Exhibition | Fragonard in Love: Suitor and Libertine

Posted in exhibitions by Editor on August 18, 2015

Jean-Honoré Fragonard: Den vackra tjänsteflickan ("La résistance inutile"). NM 5415

Jean-Honoré Fragonard, Useless Resistance, 1770–73,
18 × 24 inches, 45 × 60 cm (Stockholm: Nationalmuseum)


Fragonard Amoureux: Galant et Libertin
Fragonard in Love: Suitor and Libertine
Musée du Luxembourg, Paris, 6 September 2015 — 24 January 2016

Curated by Guillaume Faroult

According to the Goncourt brothers, the eighteenth century was an era of seduction, love and intrigue, and Jean-Honoré Fragonard (1732–1806) might have been its main illustrator, if not its main agent. Indeed, the inspiration of love runs through Divine Frago’s protean and generous work, from his early bucolic compositions to the love allegories found in his later works. In turn gallant, libertine, daringly lustful or conversely concerned with new love ethics, his art spans half a century of artistic creativity with ardour and elegance, endlessly reinventing itself to better capture the subtle variations of emotion and love impulse.

Presenting Fragonard’s work for the first time through this love prism, this exhibition at the Musée du Luxembourg focuses on the mid-eighteenth century, a time when the spirit of Enlightenment was deeply influenced by English sensualism. The topic of how to delicately express sensuality and emotion was then at the heart of philosophical, literary and artistic concerns. Strongly imbued with these questions as he emerged from François Boucher’s studio, the young Fragonard already brings to fashionable pastoral and mythological compositions a fresh sensitivity, unquestionably marked by sensuality, yet more profound than the strict libertine strategy.

Jean Honoré Fragonard, Stolen Kiss, ca. 1760, 19 x 25 inches, 48.3 x 63.5 cm (New York: Metropolitan Museum of Art)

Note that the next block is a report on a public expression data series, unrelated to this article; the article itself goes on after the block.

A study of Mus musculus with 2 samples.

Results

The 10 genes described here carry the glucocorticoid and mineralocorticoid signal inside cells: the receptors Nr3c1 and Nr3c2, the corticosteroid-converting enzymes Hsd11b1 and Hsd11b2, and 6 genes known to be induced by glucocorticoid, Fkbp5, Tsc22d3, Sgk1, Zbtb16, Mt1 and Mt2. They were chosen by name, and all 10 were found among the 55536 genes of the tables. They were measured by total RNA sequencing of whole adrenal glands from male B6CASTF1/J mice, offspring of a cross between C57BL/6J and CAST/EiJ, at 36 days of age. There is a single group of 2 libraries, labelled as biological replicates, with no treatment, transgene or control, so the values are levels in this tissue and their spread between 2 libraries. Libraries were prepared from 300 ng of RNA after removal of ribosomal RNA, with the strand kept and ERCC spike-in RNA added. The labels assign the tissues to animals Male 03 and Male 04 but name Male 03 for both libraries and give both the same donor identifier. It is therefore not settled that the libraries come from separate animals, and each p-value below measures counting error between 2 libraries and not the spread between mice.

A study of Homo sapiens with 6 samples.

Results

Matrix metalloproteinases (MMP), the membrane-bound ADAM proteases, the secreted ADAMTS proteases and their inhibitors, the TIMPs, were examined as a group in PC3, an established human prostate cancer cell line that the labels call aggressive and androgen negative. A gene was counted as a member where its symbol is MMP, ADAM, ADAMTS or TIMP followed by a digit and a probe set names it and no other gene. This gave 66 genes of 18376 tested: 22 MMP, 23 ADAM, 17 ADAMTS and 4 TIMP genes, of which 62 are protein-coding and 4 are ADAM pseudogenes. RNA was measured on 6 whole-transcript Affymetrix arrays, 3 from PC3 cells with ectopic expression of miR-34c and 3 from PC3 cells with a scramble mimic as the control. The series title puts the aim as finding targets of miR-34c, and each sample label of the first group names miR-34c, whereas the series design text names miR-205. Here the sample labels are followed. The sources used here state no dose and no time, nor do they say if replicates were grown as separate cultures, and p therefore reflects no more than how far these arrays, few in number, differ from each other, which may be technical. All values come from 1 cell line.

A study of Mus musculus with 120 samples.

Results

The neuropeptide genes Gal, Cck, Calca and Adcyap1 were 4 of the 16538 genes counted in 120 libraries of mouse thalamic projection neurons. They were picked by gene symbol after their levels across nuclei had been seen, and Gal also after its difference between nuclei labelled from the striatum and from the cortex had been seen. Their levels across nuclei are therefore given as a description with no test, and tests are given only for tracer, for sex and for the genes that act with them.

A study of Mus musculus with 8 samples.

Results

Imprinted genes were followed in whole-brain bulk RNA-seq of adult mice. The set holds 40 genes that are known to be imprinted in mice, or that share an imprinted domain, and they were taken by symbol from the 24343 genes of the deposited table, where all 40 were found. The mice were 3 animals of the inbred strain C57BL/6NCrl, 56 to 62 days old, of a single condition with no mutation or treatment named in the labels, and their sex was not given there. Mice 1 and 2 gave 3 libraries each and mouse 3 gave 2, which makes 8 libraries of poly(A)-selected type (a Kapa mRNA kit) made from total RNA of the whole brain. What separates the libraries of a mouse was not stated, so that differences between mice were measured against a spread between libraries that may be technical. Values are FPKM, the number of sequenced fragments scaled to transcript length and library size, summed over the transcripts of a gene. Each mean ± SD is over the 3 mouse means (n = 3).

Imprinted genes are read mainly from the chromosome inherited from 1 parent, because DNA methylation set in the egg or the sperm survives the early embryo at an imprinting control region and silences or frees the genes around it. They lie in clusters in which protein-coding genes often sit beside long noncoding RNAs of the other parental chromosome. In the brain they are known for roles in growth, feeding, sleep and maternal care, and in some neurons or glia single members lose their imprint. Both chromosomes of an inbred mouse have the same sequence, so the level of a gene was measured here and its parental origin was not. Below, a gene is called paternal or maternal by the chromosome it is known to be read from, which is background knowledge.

Jean Honoré Fragonard, The Stolen Kiss, ca. 1760, 19 x 25 inches, 48.3 x 63.5 cm (New York: Metropolitan Museum of Art)

At the same time, his study of Flemish masters encourages him to transition from sophisticated eroticism to rustic scenes that take on an unequivocal carnal dimension, such as The Stolen Kiss from The Metropolitan Museum of Art. Talented illustrator of La Fontaine’s least restrained Tales, Fragonard, like his colleague, miniaturist and libertine Pierre-Antoine Baudoin, displays an audacity that often matches that of many progressive writers and intellectuals of his time, such as Diderot in The Indiscreet Jewels. Indeed, forceful yet allusive ‘secret’ works for licentious amateurs, created at the beginning of the 1760, contributed to portraying Fragonard as a libertine and painter of ladies’ salons and other intimate scenes. This impish inspiration transpires through a great variety of expressions, from the naughty Useless Resistance in the Nationalmuseum in Stockholm to the sensual yet delicate Kiss (private collection).

In parallel with this independence of mind—or free licence—Fragonard strove to renew with great poetry the theme of fête galante, inherited from Watteau, as the timeless Île d’amour (on loan from the Fondation Calouste Gulbenkian) testifies. Later, in the 1770 and 1780s, following in the steps of the famous The Lock from the Louvre and as de Laclos’s Liaisons Dangereuses knelled the end of literature’s libertine inspiration, his art reached a decisive turning point as he began to explore the true feeling of love through allegories swept by a most delicate lyricism. With infinite subtlety, Fragonard dealt with the mystical dimension of profane love, at the root of what was to become ‘romantic love’.

affiche_fragonard1S E C T I O N S

The Gallant Shepherd
The Loves of the Gods
Rustic and Popular Eros
Fragonard, Illustrator of Libertine Tales
Pierre-Antoine Baudouin, A Libertinist Master
Fragonard and Licentious Imagery
Dangerous Reading
The Revival of the Fête Galante
Love Moralised
Heroic Passion
Romantic Allegory

Curators: Guillaume Faroult, Head of Conservation, Paintings Department, Musée du Louvre, 18th-century French paintings Manager.
Scenography: Jean-Julien Simonot

This exhibition is produced by the Réunion des Musées Nationaux-Grand Palais.

The catalogue is available from Artbooks.com:

Guillaume Faroult, ed., Fragonard Amoureux: Galant et Libertin (Paris: Musées Nationaux, 2015), 288 pages, ISBN: 978-2711862344, 45€ / $75.